WASHINGTON — The Republican-led Senate Budget Committee approved a bipartisan compromise budget today that rejects President Reagan's large military buildup and calls for $18.5 billion in increased taxes.
The committee voted 13-8 for the package, with six Democrats joining seven Republicans in approving the spending plan that bucks the President's wishes on both the Pentagon and taxes.
The budget allocates $295 billion for the military in fiscal 1987--$25 billion less than Reagan wanted and not enough to compensate for the projected rise in costs due to inflation. It reduces the current $182-billion deficit to $144 billion, as required by the Gramm-Rudman balanced budget law passed late last year.
Budget Committee Chairman Pete Domenici (R-N.M.) and leading committee Democrat Lawton Chiles of Florida built their coalition one senator at a time this week, apparently sensing that if they were going to fight Reagan on two issues he has so far refused to negotiate on they would be better off to do it together.
Art of Compromise
Opponents on the committee complained the plan raised too much in taxes and cut too much from defense, but Domenici said the plan reflected the art of compromise.
"I predict before we are finished on the floor, we will pass this or something very much like it," Domenici said.
The Domenici-Chiles budget allocates $295 billion for the military in fiscal 1987--an increase of 2.8%. Inflation for the fiscal year beginning Oct. 1 is expected to exceed 3%. Reagan wanted $320 billion for the military.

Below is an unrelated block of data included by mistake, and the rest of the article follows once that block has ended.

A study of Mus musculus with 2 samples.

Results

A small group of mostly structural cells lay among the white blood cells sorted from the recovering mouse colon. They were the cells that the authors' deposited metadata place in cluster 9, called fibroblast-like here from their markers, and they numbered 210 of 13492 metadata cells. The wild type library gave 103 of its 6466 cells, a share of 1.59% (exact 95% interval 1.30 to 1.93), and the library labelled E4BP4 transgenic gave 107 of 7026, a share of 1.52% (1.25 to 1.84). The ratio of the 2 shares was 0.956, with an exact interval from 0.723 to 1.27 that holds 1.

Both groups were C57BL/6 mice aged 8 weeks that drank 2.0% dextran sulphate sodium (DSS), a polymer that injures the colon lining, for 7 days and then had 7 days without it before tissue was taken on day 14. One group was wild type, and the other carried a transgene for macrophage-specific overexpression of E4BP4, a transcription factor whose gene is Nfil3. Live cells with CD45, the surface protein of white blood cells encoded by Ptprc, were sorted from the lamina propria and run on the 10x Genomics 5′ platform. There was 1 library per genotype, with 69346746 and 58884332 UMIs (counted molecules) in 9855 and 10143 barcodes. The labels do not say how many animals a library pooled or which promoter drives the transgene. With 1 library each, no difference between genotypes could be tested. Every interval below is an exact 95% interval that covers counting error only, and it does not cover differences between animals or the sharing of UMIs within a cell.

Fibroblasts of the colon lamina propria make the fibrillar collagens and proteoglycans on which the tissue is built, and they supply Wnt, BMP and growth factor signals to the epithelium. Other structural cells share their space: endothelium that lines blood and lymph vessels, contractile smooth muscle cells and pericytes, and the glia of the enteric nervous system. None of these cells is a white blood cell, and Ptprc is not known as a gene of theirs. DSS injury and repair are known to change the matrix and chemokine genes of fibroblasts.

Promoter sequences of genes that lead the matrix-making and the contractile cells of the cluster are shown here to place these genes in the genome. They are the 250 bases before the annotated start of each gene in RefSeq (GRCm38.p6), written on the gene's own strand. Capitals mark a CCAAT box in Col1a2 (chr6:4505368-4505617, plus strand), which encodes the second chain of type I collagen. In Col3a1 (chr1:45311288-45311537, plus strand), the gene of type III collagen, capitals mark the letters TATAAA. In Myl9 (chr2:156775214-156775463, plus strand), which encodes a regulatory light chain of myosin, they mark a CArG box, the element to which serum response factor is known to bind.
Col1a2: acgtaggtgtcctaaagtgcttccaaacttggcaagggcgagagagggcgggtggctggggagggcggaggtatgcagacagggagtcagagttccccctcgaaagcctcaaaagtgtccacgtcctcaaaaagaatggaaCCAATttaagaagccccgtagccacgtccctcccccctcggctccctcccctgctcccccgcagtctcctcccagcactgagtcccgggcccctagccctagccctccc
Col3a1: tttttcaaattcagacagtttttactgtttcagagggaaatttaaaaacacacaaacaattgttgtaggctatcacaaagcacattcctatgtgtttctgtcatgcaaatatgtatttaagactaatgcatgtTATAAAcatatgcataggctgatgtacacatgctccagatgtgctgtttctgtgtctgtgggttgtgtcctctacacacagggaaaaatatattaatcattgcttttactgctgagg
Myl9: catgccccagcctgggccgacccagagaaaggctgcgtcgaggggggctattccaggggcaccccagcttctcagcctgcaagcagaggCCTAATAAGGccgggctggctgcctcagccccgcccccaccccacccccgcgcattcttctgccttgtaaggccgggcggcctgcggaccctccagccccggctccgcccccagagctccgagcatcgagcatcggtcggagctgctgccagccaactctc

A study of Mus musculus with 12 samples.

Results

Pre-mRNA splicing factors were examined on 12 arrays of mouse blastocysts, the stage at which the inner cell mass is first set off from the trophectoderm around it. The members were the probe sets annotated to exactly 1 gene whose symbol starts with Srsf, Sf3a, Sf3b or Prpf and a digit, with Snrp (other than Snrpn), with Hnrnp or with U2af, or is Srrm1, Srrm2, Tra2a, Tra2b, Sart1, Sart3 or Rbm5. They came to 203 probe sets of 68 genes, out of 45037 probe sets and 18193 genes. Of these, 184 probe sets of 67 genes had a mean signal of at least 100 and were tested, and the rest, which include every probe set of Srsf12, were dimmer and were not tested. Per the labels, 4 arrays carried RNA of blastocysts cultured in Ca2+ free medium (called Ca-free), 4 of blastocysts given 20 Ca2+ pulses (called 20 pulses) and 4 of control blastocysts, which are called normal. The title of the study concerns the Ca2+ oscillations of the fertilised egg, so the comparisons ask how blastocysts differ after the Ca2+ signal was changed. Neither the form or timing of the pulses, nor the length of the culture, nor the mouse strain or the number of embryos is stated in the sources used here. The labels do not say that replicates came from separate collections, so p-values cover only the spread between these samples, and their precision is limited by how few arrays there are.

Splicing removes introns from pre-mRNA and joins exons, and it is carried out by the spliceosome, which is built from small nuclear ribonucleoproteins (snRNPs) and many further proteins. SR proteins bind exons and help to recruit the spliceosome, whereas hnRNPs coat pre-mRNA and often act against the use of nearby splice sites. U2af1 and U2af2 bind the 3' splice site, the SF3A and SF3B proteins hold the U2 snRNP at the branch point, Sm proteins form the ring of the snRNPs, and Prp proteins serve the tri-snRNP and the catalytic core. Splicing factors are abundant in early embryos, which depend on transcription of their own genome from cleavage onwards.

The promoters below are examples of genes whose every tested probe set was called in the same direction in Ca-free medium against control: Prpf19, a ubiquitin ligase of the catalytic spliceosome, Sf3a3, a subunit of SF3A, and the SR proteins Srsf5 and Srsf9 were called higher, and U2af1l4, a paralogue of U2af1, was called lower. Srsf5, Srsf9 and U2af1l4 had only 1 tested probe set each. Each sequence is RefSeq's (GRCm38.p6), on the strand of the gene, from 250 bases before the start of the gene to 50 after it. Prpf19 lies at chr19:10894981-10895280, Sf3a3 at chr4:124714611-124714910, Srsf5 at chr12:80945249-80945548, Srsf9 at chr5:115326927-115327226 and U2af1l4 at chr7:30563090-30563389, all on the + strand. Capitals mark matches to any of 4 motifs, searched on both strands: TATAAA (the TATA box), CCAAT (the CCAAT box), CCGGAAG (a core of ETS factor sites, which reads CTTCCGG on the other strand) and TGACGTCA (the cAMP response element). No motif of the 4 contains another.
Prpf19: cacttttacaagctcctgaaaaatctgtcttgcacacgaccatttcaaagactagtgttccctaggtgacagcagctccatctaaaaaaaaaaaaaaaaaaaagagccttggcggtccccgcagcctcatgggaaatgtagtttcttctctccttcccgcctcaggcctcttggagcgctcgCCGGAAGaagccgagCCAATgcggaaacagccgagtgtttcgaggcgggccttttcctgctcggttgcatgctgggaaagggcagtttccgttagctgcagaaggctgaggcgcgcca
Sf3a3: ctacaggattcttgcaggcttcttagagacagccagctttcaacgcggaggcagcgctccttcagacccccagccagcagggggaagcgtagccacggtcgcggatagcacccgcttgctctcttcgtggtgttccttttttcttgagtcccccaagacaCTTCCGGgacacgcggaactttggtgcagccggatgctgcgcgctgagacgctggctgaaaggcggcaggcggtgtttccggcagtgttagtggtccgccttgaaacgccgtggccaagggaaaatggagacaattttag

On taxes, the budget proposal includes President Reagan's recommendation for $6 billion in increased revenue from higher user fees for government services, stepped up enforcement of tax laws and a continuation of the 16-cent-a-pack cigarette tax. But it calls for another $12.5 billion in additional unspecifed revenues that Domenici said could come from almost anywhere except an increase in individual tax rates. Those decisions would have to be made later.
No Social Security Cuts
The budget does not cut Social Security spending, and allows a cost-of-living raise for Social Security recipients and military and civilian retirees.
Chiles called for the White House to negotiate with Congress.
"It's not just a compromise budget it's a lenten budget," Chiles said. "We should ask the White House to join with us in a lenten spirit and give up a little something too."
But the White House has been adamant that Reagan will not agree to higher taxes or a reduction in defense.
Even if the package passes the committee, it could be changed on the Senate floor. Senate Republican leader Bob Dole of Kansas told reporters he would like to put more money into defense and raise less in taxes.
Several senators on the committee said they weren't pleased with all aspects of the compromise budget, but Sen. Donald Riegle (D-Mich.) pointed out that "we have to think in terms of something that can carry" both Democrats and Republicans.